Improve the Culture and Mechanisms of Naval Learning

Notes to the New CNO Series

By Commander Art Valeri

The “Get Real Get Better” campaign initiated a transformative process to address performance shortfalls in the spirit of increasing readiness. However, the practical method of achieving that readiness deserves more attention in considering broad naval mission sets and thoughtfully influencing change within the Navy.

Addressing such a varied group of personnel and missions across the spectrum of being, and supporting, the warfighter is challenging. It may prove beneficial to widen the scope beyond a negatively focused look at poor performance at sea. Although the study of catastrophic failures is absolutely necessary, other industries suggest ways to improve organizational performance. An interdisciplinary approach might uncover the behaviors and practices of units delivering preferred outcomes despite limited resources across both line and staff communities. The Navy might appreciate ways to emulate success as equally valuable in our approach to readiness, rather than strive to narrowly avoid irreversible failure. As much as we “embrace the red,” we might also “perceive the green.” Although difficult, we might even aspire to rediscover a tolerance toward recoverable failures as opportunities to learn.

A key contributor to unit success includes the intentional creation of organizational and cultural environments conducive to learning. The ability to learn is arguably the main attribute with the potential to produce warfighting victory. Across the Navy, such victory might represent better surgical outcomes in the operating room, improved liaison relationships with partner nations, and commanding officers unafraid to emphasize boundary spanning, all of which reinforce asymmetric advantages. Although often a short-term advantage, a reliance on superior technology is not enough to ensure victory. Institutions should sense and steer the mechanisms that support individual and organizational learning, manage the barriers and pitfalls that inhibit this learning, and invest in better learning and leading methods.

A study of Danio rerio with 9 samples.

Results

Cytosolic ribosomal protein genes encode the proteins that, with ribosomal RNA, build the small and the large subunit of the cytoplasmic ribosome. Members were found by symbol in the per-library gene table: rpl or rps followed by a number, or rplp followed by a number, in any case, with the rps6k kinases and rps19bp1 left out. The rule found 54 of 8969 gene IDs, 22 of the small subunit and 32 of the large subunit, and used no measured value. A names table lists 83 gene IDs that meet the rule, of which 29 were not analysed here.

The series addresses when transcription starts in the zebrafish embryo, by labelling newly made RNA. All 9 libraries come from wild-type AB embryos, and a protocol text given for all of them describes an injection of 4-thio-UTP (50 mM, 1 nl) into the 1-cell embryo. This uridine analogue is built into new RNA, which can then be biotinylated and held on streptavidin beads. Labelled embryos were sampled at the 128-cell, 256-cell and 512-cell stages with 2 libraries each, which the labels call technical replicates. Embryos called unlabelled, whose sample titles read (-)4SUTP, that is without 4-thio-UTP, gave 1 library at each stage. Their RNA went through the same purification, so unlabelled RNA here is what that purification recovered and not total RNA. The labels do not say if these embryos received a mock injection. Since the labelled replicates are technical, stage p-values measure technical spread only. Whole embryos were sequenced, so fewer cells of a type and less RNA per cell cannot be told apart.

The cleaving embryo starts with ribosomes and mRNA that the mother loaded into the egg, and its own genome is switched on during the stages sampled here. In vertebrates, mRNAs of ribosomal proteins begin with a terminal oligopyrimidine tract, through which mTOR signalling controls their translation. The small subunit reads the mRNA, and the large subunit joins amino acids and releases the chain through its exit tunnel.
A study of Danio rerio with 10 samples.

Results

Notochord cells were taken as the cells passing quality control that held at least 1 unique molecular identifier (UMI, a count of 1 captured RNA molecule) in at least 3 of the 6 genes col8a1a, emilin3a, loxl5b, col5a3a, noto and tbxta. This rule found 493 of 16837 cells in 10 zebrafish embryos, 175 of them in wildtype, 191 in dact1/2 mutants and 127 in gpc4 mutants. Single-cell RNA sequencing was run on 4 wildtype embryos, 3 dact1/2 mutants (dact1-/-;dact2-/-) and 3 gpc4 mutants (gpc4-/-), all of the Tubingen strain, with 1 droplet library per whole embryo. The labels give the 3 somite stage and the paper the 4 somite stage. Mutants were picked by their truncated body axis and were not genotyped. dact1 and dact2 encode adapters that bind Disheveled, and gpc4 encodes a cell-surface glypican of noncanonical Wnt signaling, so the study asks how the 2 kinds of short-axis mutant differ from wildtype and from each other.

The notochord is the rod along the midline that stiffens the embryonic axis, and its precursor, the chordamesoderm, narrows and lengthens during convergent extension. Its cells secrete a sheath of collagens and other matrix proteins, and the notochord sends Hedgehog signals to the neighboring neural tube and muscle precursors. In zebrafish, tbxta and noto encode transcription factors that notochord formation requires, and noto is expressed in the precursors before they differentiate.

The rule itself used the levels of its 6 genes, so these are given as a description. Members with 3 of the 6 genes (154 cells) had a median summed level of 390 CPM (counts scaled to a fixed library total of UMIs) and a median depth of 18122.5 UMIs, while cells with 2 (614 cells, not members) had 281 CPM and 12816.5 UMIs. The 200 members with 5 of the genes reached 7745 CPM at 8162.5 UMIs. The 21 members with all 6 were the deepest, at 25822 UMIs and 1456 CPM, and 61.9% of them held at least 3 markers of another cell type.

For the Navy, this approach requires a new way of thinking. It must be permissive in nature and firmly grounded in becoming a learning organization. To effect such a change, a doctrinal publication formally instituting learning as a strategic priority is a necessary and natural complement to Naval Doctrinal Publication (NDP) 1, Naval Warfare as a first step. This articulated position would serve to orient all naval communities to embrace, value, and reward those activities necessary to our survival despite modern and forthcoming challenges. Without such a fundamental reference to socialize these concepts into the organization, the bureaucracy which is the U.S.  Navy might unintentionally stifle performance, slow its momentum, and limit its potential to make progress. The Navy must become a better learning organization if it is to realize its warfighting potential and sustain its competitive edge.

Commander (Dr.) Art Valeri is an Operative Dentist and Naval Postgraduate School PMBA student stationed at NMRTC Great Lakes serving as Dental Department Head, Zachary and Elizabeth Fisher Medical and Dental Clinic, Captain James A. Lovell Federal Health Care Center, North Chicago, IL.

Featured Image: Naval Aircrewman (Helicopter) 3rd Class Taquan West, assigned to Helicopter Sea Combat Squadron (HSC) 5, keeps watch over the Nimitz-class aircraft carrier USS George H.W. Bush (CVN-77) and the fast combat support ship USNS Arctic (T-AOE-8) on June 28, 2022. (U.S. Navy Photo)

One thought on “Improve the Culture and Mechanisms of Naval Learning”

  1. Terms and labels have changed, but concepts haven’t. I agree that the Navy should be a learning organization. I was around for Total Quality Leadership (TQL) that came in like a lion and left unceremoniously a couple of years later, hated by all. I blame that on implementation, not on Deming’s total quality principles, which includes: Institute a vigorous program of education and self-improvement for everyone. We have a culture that has a hard time admitting that we need to constantly improve, because that implies that we don’t have it right yet, and no one wants to admit that. So yes, we need to become a learning organization, but culture has to change first.